More than half of all Taser shots discharged by UK police target the chest of the arrestee, despite warnings that this could lead to “serious complications” involving the heart. Last week, a UK man died after being tasered, due to a “medical episode.”
Through a Freedom of Information (FOI) request, the Guardian newspaper was able to obtain statistics on the use of the electroshock weapon dating back to 2009, from 18 of UK’s 45 police authorities.
The data revealed that out of 906 total charges unleashed, 518 were aimed at the chest. This constitutes 57 per cent of total uses.
It also directly contradicts advice given by the electroshock weapon’s manufacturer.
"When possible, avoid targeting the frontal chest area near the heart to reduce the risk of potential serious injury or death,” says the Taser International training manual.
"Serious complications could also arise in those with impaired heart function or in those with an implanted cardiac pacemaker or defibrillator."
Unlike a stun gun, which shocks on impact, tasers fire two electrodes from a distance that lodge themselves in the skin. The damage is done by an electric impulse that upsets the rhythm of the heart, or limits the function of their implanted pacemaker.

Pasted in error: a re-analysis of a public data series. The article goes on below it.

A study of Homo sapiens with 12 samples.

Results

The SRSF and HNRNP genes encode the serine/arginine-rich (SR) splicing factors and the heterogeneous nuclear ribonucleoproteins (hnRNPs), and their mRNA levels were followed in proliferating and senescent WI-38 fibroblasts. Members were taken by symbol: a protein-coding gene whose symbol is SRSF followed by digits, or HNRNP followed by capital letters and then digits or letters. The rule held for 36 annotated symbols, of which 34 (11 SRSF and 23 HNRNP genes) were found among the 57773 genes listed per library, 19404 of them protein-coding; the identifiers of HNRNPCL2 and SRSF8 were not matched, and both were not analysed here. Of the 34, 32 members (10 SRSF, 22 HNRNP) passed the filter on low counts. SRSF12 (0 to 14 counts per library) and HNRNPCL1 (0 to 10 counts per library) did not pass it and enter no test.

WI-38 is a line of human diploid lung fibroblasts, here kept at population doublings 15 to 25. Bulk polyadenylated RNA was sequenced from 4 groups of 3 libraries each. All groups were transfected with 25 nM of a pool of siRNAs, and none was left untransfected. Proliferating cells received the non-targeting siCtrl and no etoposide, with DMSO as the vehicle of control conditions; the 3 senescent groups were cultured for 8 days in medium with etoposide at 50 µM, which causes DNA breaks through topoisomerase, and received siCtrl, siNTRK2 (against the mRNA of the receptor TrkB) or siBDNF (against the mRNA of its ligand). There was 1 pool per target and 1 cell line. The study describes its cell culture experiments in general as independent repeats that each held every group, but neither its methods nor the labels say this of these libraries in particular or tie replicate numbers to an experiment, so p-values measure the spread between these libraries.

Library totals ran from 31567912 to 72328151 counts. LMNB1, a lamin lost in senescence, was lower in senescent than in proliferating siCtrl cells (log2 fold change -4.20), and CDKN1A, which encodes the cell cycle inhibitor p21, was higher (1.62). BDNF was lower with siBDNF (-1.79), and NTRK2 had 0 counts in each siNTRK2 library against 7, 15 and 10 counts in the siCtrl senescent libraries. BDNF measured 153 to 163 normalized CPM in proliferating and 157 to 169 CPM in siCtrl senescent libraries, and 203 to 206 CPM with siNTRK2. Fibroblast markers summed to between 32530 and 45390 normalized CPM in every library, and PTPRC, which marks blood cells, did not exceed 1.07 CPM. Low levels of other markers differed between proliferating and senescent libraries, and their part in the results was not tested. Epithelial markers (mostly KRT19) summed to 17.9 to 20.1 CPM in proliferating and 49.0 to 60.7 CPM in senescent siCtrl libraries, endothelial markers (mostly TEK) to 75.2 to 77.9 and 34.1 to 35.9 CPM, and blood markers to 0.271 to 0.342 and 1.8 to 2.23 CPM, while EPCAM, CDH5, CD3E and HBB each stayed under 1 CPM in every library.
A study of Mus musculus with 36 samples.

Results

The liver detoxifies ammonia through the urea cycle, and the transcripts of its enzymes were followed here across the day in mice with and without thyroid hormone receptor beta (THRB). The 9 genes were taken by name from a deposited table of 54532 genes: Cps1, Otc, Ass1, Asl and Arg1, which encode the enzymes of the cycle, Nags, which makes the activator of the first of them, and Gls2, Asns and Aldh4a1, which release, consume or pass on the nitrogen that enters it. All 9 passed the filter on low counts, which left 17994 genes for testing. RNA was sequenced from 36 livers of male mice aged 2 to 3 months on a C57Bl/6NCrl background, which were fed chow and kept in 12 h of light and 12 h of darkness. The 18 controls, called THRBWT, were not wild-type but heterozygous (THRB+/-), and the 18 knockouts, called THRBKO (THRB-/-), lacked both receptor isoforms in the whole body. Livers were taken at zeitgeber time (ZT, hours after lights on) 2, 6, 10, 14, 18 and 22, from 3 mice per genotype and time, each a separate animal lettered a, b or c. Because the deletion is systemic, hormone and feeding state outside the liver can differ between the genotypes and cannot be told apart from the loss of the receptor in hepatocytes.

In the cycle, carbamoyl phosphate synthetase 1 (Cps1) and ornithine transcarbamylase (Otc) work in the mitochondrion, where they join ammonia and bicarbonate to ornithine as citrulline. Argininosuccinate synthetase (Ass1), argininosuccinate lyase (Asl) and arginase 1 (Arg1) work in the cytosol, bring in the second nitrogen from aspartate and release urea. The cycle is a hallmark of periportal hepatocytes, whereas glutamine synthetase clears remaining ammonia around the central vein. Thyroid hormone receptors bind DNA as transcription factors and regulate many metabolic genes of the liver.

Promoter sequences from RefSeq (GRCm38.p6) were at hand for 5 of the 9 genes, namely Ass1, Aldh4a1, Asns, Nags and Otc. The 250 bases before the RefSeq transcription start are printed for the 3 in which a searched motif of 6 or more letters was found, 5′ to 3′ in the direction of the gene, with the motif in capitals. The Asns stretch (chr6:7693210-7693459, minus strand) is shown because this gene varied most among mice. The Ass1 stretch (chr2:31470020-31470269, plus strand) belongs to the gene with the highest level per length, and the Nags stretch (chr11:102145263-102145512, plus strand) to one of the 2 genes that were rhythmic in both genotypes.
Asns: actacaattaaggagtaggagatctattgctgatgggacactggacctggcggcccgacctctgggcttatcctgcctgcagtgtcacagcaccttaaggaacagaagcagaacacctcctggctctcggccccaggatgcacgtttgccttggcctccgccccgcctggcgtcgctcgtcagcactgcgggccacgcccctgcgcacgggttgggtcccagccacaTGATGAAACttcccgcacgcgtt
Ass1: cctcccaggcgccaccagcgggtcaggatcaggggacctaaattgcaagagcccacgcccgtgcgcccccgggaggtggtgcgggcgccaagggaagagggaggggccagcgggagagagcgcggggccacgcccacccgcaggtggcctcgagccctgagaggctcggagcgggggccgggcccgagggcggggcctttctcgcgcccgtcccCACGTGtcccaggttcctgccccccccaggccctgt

Instead, the preferred aim area to stun, but not injure, the
suspect is the back.
Last Wednesday, police broke into the house of 23-year-old ice cream factory worker Jordan Begley and tasered him in his front room. Begley was reportedly having a heated argument with a neighbor, during which he may have been in possession of a knife.
He collapsed and died within minutes, in what the police themselves described as a “medical episode” – suspected to be a heart attack.
Begley was recently diagnosed with a cardiac disorder. A
post-mortem examining the cause of death has proved
Begley became the tenth person in the UK to die after being stunned by a Taser since the weapons were taken up by the police force in 2004. However, many died from other injuries, and no deaths have been linked beyond doubt to the electric charge itself.
Police say they were informed after an internal investigation that the risk of medical repercussions from Taser use is “very low,” claiming there is little need or practical possibility of "adjusting our point of aim.”
"When you've got a violent assailant who is facing you, coming towards you and you have to make a split second decision whether to use Taser or not, the chances are that clearly you're going to aim for the torso and it may well be that one or both of the barbs will attach within the chest area,” said Simon Chesterman, deputy chief constable of West Mercia police and UK police lead expert on Taser use.
An earlier FOI request showed that Taser use rose by 66 per cent in 2010, with more than 1,300 uses. The data was gathered from the latest available UK figures, published in March 2011. Since then, Tasers have been issued to an increasing number of police authorities in a bid to reduce the risk to on-duty officers.